Although a formal education is not required for finding work as a dental assistant, there are certificate, diploma and degree programs available in dental assisting, which are usually 12 years in duration. Some states require dental assistants to have appropriate licensure or certification prior to working in the field.
Dental assistants work closely with licensed dentists before, during and after dental work. They prepare patients for procedures, record medical histories, take x-rays and prepare dental equipment. Education requirements for becoming a dental assistant vary. In some cases, prospective dental assistants must complete some form of training and, in many states, earn licensure and/or national certification.
|Education Requirements||Varies; can range from a high school diploma to the completion of a postsecondary training program|
|Licensure and/or Certification||Licensure and/or certification might be required by some states|
|Projected Job Growth (2018-2028)*||11%|
|Median Salary (2018)*||$38,660|
Source: *U.S. Bureau of Labor Statistics
There are no formal education requirements for entering a career in dental assisting. Some assistants have a high school diploma and only receive on-the-job training; however, postsecondary dental assisting programs offer more comprehensive career training. According to the U.S. Bureau of Labor Statistics, there were almost 300 dental assisting education programs approved by the Commission on Dental Accreditation (CODA) in 2015 (www.bls.gov).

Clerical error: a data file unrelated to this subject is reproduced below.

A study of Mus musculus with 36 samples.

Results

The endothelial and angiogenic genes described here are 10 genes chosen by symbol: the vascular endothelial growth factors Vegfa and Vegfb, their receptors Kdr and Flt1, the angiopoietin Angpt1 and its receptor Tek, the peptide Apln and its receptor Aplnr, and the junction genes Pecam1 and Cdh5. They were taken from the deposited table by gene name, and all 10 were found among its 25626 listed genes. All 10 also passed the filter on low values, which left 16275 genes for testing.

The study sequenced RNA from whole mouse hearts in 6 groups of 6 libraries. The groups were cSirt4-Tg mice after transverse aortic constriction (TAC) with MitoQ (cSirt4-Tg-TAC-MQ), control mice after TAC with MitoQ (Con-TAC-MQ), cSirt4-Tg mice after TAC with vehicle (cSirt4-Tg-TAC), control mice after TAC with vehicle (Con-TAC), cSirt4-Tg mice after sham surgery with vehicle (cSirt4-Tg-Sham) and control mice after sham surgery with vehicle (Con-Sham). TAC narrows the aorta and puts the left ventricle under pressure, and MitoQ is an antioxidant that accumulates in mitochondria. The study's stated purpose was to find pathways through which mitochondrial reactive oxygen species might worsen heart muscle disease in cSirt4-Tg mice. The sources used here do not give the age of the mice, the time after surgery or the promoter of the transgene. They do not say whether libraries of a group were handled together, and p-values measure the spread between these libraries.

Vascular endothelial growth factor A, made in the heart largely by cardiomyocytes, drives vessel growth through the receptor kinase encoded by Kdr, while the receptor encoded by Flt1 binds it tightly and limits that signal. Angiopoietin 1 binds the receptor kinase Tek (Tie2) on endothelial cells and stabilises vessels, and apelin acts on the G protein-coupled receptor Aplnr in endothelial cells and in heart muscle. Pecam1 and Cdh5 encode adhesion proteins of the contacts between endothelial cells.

Dental assisting programs are typically 1-year diploma or certificate programs. These programs tend to focus solely on technical training through classroom, laboratory and clinical instruction. Courses may include dental materials, radiology, chairside assisting, dental office administration and biodental science. Some community colleges and vocational schools also offer 2-year associate's degree programs, which combine general education, technical training and more extensive clinical practicums.
Some states allow dental assistants to perform all duties assigned by a dentist, while in other states, they must obtain licensure or registration to perform certain duties. Licensure requirements vary by state, but may include completing an accredited postsecondary program. Licensure candidates may also be required to pass a written or practical exam. Dental assistants often maintain licensure by earning continuing education at state-specified intervals.
The Dental Assisting National Board offers the Certified Dental Assistant (CDA®) certification, which was recognized or required by 38 states and the District of Columbia as of 2014 (www.danb.org). To be eligible to take the CDA® exam, applicants must hold a current CPR certification and meet one of the following qualifications:
- have graduated from an accredited dental assisting/dental hygiene program,
- have a high school diploma, or equivalent, and a minimum of 3,500 hours of approved work experience, OR
- have previously held DANB CDA® status, or have graduated from an accredited DDS or DMD program, or graduated from a dental degree program abroad.
Employment Outlook and Salary Information
According to the U.S. Bureau of Labor Statistics (BLS), employment opportunities in the field are expected to grow much faster than the national average from 2018-2028. In May 2018, the BLS reported that professionals in the 90th percentile or higher earned $54,800 or more per year, whereas the bottom 10th percentile earned $26,940 or less per year.
It's important to consider the job duties, required training and projected job growth when deciding if a career as a dental assistant might be right for you. Understanding whether or not you will have to acquire state licensure and/or certification prior to working as a dental assistant is a good first step in this process.